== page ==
Stephanie Miller will spend Saturday, at home with her children, sharing the day with visits from family and friends.
July 13 marks the one year anniversary of the disappearance of her husband Paul, the 51-year-old Guelph man who went missing after going for a solo hike in California's Joshua Tree National Park.
"We're just going to hang around and be available to anybody that wants to hang out with us," Stephanie says Thursday.
Anniversaries are especially tough on the Millers.
"They're all bad. Our anniversary was worse. June 6. It would have been 27 years," Stephanie says.
She adds that sometimes it's "just the weirdest things that just set you off."
"Something happens and I think 'oh, I can't wait to tell Paul!' then it's 'oh, wait ....'"
The Miller's were celebrating their 26th wedding anniversary at the time. They were readying to come home when Stephanie decided to stay at the hotel and pack for the journey home the next day while Paul went for one last hike to capture some photographs.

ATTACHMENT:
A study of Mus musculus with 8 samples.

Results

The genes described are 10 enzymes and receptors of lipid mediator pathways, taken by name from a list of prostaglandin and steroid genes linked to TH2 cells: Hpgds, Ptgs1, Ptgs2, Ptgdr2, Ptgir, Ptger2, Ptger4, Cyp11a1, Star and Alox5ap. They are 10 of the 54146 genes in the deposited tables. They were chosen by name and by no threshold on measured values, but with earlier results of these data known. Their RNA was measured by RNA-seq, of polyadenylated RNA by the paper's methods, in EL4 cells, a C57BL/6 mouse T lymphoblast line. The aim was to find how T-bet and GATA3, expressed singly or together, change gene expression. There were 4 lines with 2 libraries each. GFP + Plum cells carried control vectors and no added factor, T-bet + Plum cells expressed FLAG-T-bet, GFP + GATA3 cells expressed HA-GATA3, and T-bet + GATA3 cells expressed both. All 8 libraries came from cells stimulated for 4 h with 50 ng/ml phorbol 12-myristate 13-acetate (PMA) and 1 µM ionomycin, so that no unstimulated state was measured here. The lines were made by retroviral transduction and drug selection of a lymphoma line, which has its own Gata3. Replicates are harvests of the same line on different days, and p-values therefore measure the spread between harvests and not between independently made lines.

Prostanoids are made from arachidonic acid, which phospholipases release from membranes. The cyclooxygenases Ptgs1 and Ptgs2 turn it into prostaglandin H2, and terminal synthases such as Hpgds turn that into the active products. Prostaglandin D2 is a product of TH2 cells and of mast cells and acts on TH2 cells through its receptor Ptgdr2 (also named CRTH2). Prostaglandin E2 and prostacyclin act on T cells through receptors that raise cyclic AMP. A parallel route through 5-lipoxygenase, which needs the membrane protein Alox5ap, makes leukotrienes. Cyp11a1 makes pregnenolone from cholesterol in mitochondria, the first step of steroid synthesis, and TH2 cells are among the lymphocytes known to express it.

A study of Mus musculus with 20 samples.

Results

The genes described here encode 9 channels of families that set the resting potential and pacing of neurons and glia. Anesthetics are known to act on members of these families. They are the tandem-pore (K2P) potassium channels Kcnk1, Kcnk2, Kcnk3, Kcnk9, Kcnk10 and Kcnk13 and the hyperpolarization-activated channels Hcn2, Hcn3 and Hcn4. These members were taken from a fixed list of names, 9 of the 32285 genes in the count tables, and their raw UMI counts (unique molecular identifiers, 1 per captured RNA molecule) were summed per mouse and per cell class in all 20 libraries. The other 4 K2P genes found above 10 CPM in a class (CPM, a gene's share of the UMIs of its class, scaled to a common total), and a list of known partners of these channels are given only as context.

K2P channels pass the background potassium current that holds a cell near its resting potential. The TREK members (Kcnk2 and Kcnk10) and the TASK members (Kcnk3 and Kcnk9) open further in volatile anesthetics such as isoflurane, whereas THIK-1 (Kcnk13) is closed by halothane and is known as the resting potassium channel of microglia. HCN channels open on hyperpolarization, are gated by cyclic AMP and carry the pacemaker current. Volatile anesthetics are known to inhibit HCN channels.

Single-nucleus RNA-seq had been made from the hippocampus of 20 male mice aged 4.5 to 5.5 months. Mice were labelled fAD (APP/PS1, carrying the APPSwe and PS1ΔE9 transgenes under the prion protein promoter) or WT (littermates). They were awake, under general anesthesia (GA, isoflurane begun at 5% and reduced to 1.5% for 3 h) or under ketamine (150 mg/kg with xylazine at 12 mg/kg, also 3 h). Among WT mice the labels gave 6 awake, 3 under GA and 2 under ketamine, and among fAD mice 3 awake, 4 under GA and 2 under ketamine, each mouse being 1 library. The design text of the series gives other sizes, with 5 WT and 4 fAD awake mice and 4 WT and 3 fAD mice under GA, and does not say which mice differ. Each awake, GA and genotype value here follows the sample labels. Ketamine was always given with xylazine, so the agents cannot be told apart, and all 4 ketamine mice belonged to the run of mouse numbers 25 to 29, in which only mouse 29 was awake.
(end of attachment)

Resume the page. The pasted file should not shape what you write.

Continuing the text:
When he didn't return, she called the authorities and a large search kicked into gear. No signs of Paul were found. Five days later the search was scaled back and Stephanie returned to Guelph to be with her children.
Since then there have been other searches, including ones organized by Paul's sister in May and last October.
Another is planned for the fall, when the weather is cooler.
That search will likely be aided by drones for the first time. They are banned in national parks and Stephanie says that she and her support team just got permission to apply to use the drones.
A member of Stephanie's support team is in regular contact with the authorities in California.
"They say they'll never give up the search, but because it's been a year they say it's more if anyone finds something on the trail then they'll go and explore that spot, where somebody saw something," Stephanie said.
She says she wished the permission had been granted when the drones might have been more helpful.
Closure, Stephanie says, "would be nice."
"Finding out what has happened," Stephanie says.
"Sometimes I question whether things would have worked out differently if I had been with him, because you don't know what happened. Maybe something would have happened to both of us."